Translated by Ellen Marriage
shing red. "Why all the girls in the room would be quarreling for him," she said, glancing at the quadrilles.
"And then," retorted the attorney, "Mlle. de Grandlieu might not be the one towards whom his eyes are always turned? That is what that red color means! You like him, do you not? Come, speak out."
Camille suddenly rose to go.
"She loves him," Derville thought.
Since that evening, Camille had been unwontedly attentive to the attorney, who approved of her liking for Ernest de Restaud. Hitherto, although she knew well that her family lay under great obligations to Derville, she had felt respect rather than real friendship for him, their relation was more a matter of politeness than of warmth of feeling; and by her manner, and by the tones of her voice, she had always made him sensible of the distance which socially lay between them. Gratitude is a charge upon the inheritance which the second generation is apt to repudiate.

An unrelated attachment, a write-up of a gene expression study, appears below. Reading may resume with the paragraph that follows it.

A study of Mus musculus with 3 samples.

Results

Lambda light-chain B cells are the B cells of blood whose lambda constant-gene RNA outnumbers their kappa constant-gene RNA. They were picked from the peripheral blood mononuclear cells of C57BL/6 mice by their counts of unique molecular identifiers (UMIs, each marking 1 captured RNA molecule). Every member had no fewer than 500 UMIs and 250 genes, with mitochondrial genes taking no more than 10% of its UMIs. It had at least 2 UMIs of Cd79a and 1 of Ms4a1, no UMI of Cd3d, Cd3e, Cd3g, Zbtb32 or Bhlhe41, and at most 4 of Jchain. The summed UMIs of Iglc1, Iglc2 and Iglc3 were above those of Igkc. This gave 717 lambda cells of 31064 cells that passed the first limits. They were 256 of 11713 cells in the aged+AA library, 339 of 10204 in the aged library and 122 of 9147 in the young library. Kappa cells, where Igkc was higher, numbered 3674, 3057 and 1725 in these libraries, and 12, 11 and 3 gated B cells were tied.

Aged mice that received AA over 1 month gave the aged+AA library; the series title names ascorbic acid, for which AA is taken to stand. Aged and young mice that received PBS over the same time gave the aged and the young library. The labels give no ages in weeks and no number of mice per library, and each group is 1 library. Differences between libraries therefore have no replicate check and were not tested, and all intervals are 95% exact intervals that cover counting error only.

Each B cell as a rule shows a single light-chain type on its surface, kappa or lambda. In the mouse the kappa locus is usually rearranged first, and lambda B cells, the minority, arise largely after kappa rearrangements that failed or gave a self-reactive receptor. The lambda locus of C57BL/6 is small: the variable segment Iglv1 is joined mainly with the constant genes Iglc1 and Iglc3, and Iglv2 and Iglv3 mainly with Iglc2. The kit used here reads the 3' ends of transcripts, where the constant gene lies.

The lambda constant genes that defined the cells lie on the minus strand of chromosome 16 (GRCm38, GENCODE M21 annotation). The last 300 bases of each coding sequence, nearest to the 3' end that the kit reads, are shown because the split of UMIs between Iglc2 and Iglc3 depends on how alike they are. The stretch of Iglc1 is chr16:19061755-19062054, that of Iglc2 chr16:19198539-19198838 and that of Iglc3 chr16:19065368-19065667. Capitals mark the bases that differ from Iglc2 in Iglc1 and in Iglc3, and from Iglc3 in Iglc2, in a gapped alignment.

"This adventure," Derville began after a pause, "brings the one
A countess's daughter wishes to marry a penniless man, Ernest de Restaud. The countess's lawyer knows a great deal about the man's family, especially the excesses of his mother, Anastasie (the daughter from the novel Father Goriot.) His story involves an old pawnbroker/moneylender named Gobseck and the family's dealings with him.
All the characters are real and each demonstrates his or her own "version" of honor and honesty. The plot moves inexorably to one ending, then another, then another.
Any other writer would need 250 pages to tell this story.